MOVING AHEAD: South Burnett Agriculture Network spokeswoman and BIEDO chief executive officer Kristy Frahm.
MOVING AHEAD: South Burnett Agriculture Network spokeswoman and BIEDO chief executive officer Kristy Frahm. Tobi Loftus

Info will help when disaster crops up

THE first trial has finished on a project to collect data on what is grown in the South Burnett and its value, the aim being to provide useful information after times of disaster.

South Burnett Agriculture Network, along with Burnett Inland Economic Development Organisation and the University of Southern Queensland, is spearheading the project.

Network spokeswoman and BIEDO chief executive officer Kristy Frahm said the project was still in the research stage.

"We have the test site that has been ground-truthed from the map,” she said.

"It's about finding the best process for gathering the information, how to put that into a framework that has a data set that people can use.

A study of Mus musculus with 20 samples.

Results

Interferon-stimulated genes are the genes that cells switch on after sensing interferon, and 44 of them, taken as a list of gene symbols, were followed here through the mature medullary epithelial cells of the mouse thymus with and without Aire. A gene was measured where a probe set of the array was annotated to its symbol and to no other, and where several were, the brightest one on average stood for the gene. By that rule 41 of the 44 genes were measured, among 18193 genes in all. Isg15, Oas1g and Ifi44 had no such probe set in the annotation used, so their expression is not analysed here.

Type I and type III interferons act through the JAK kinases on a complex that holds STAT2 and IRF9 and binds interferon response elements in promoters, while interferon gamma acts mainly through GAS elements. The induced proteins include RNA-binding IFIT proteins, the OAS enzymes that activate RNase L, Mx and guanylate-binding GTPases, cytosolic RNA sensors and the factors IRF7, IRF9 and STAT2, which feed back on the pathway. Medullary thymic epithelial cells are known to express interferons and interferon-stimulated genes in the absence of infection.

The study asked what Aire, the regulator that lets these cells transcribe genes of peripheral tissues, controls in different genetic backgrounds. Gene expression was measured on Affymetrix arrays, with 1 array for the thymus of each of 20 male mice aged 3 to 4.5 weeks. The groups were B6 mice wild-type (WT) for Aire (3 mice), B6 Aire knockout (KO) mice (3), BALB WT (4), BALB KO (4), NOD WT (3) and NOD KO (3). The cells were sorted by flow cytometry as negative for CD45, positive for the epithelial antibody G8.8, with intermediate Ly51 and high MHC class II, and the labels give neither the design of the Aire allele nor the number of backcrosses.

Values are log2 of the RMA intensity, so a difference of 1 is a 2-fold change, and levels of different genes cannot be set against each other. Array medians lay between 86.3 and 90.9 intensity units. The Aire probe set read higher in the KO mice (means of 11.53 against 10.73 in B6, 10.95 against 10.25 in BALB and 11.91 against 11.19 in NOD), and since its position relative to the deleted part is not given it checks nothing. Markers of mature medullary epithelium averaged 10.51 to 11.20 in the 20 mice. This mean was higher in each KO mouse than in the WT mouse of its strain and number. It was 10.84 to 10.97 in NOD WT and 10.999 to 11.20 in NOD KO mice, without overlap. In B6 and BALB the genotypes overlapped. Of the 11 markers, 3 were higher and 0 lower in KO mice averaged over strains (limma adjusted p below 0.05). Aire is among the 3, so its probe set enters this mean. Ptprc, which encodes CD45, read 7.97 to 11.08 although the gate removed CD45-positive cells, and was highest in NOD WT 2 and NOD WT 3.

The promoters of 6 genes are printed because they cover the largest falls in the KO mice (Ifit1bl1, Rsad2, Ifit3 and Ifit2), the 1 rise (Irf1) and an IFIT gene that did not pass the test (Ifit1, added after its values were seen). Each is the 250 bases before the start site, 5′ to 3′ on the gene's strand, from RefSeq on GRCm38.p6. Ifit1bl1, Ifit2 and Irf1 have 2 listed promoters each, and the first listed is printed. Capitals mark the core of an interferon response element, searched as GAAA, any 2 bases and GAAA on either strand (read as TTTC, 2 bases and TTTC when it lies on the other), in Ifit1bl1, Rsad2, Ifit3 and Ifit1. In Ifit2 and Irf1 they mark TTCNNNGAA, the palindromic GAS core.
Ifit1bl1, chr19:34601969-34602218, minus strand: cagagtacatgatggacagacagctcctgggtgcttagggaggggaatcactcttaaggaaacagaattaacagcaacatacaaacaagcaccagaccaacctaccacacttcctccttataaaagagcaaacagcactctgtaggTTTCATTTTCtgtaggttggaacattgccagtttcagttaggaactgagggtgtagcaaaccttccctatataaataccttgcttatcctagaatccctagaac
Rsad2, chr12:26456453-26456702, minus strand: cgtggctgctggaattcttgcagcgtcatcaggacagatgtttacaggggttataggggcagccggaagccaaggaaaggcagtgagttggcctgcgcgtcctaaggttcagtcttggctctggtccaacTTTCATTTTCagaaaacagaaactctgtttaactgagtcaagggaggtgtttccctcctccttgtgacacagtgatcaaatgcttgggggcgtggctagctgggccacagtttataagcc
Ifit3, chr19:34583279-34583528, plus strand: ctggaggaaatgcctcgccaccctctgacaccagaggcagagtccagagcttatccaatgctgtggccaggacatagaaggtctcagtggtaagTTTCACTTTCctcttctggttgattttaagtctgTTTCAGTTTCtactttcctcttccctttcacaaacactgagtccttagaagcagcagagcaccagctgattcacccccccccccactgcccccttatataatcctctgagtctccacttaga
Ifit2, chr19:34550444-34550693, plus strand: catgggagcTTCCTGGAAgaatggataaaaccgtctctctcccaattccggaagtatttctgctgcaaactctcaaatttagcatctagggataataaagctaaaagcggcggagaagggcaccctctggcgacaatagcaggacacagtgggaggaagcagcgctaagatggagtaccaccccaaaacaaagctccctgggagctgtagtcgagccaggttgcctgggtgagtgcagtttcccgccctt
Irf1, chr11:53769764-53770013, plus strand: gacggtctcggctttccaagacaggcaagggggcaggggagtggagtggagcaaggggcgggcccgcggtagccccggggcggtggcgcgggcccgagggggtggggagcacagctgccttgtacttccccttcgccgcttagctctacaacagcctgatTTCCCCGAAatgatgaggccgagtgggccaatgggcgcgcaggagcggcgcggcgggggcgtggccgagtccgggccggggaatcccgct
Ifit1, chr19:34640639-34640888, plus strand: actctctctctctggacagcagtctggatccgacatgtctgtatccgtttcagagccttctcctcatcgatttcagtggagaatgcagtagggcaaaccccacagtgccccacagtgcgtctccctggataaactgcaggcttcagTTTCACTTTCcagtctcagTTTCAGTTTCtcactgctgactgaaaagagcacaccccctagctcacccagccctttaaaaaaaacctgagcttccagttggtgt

"And what's the way forward with updating it on a six-monthly basis with summer and winter crops so we know it's accurate in a way that's not too time consuming or costly?

"That's the process we're working through.”

Mrs Frahm said the first test was done recently and went well.

"The ground-truthing part of it was done at the test site around the Mondure-Byee floodplain area,” she said.

"The next step is to take the information from that map and put it into a data set we can utilise.”

Ms Frahm said the data set and map were primarily to help during times of disaster, such as flood and fire, so authorities, landholders and insurers could know what was grown where and the worth of it.

But she said the data could have many other uses.

"It's a great tool for measuring what is produced from our region,” she said.

"It can be used as comparative evidence as well for what we are producing over the years, showing this is what we produced two years ago and then this is what we are producing two years in the future.

"It's going to be fantastic to have that ability to compare it.”

Ms Frahm said there was no time frame on expanding the project past this first trial stage.

"We don't want it to take forever, but we don't want to settle on something that's not the best process in the long run.”